A farmer's son raises his arms as he is surrounded by desert locusts while trying to chase them away from his crops, in Katitika village, Kitui county, Kenya. Credit: Ben Curtis/AP/Shutterstock
A farmer's son raises his arms trying to chase away desert locusts from his crops, in Kitui county, Kenya. Photo: Ben Curtis/AP/Shutterstock

Concern Worldwide’s teams on the ground in east Africa  are gearing up to assist communities whose crops have been destroyed and whose pasturelands have been lost as a result of massive swarms of locusts which are eating everything in their path.

“As the swarms move through communities they eat everything green including leaves, crops and pasturelands,” Concern’s Acting Country Director in Somalia, Andrea Solomon, said. “Even the stalks from last year’s crop which farmers had stored to feed their animals during the dry season have been infested by the locusts.” 

The locust swarms have caused extensive damage in southern areas of Somalia where they arrived shortly before the crops were due to be harvested.  Considerable damage has been done to harvests of sorghum, cowpeas, groundnuts and maize.  The locusts have also eaten seeds that would have been reserved for the next cropping season.

A swarm one kilometre square can contain up to 150 million locusts, which in a day can devour as much as 35,000 people could eat daily. Concern’s team is currently assessing the current situation and the scale of the impact made by the locusts to date in nine districts in Somalia.

“These are communities which are struggling to recover from repeated shocks,” Ms Solomon said. “They have come through long period of drought and food insecurity in 2017-18, followed by severe flash floods in late 2019, and now the locusts have arrived, all of which is compounded by high levels of insecurity and sporadic conflict.”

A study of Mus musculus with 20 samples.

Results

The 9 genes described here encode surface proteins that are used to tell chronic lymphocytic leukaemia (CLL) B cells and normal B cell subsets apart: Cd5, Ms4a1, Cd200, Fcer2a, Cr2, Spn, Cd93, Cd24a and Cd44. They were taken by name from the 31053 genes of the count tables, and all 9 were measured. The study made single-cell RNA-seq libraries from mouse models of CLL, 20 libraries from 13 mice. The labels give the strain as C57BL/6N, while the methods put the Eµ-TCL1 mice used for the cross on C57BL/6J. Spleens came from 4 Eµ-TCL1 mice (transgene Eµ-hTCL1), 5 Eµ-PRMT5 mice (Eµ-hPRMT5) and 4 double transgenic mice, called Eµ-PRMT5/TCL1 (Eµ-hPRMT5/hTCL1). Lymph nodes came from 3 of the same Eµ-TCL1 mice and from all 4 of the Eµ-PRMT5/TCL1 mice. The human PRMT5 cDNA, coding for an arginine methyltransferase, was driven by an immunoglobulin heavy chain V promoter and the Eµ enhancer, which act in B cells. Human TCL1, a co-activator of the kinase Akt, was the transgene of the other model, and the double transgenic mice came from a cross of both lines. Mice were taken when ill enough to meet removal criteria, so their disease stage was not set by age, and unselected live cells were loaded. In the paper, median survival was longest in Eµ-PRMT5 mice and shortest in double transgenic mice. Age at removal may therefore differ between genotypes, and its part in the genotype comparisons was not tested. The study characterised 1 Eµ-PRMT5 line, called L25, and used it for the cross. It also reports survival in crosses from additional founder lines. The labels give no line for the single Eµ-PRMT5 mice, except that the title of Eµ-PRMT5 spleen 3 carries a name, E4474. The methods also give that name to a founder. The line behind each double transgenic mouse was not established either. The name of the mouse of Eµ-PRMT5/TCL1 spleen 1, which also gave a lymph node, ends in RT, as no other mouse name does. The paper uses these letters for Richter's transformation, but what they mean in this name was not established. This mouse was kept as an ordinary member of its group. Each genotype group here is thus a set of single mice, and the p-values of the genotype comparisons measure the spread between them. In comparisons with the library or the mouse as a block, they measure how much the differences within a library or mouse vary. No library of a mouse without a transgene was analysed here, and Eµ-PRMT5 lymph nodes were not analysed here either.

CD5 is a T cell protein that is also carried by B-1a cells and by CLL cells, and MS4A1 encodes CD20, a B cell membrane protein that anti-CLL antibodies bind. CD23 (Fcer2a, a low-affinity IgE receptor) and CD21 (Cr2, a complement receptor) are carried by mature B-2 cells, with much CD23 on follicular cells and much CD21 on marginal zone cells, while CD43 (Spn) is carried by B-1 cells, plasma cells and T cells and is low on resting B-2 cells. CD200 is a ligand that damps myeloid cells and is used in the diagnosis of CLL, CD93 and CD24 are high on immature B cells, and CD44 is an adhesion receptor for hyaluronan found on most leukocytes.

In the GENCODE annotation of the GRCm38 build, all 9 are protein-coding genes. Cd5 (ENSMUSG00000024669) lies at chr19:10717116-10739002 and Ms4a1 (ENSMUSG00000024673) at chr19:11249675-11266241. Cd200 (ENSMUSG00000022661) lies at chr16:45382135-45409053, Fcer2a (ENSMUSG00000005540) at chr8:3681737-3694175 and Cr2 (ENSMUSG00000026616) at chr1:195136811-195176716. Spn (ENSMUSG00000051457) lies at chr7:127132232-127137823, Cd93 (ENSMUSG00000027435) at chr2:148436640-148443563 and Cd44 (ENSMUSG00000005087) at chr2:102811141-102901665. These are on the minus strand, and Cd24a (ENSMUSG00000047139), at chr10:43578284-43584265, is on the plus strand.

These communities face a precarious future, she warned: “The rains are due to arrive later in March and, if they perform well, people can hope for a good harvest, but good rains will also provide ideal conditions for the locusts to breed and thrive. If, on the other hand, the rains are poor, affected farmers can expect a poor harvest and another set of problems.”

Swarmed towards Somalia

The locusts were blown from Yemen in December and swarmed southwards through Somalia, laying their eggs as they moved. New locusts are already hatching and starting to swarm in coastal areas, with more swarms predicted in March and April.

Concern Somalia has established mechanisms in place that allow for the distributions of emergency cash transfers and will be able to utilise these as needed in response to the humanitarian impact of the locust crisis.

“If farmers have to move their livestock further away to graze due to the destruction caused by locusts, it will mean their children will have little access to milk, which from past experience can lead to increases in malnutrition rates and negative coping strategies such as children dropping out of school,” Ms Solomon said.

Meanwhile, further south in Kenya, locust swarms up to 60 km by 40 km are expected to result in harvest losses of 50% to 75% in some areas, and losses of up to 65% of pastureland.  Concern is responding with cash supports for 5,000 people throughout April and May, in response to the worst locust infestation in Kenya in 75 years.

The UN’s Food and Agriculture Organisation (FAO) has warned that the number of locusts could be 500 times greater by June unless effective control measures are taken.  The FAO and Kenyan government are working to spray infestations to control them.

With wind directions expected to change in March, the FAO is forecasting that the swarms will move northerly towards Ethiopia, Somalia, South Sudan and Sudan, putting food supplies of another 20 million vulnerable people at risk.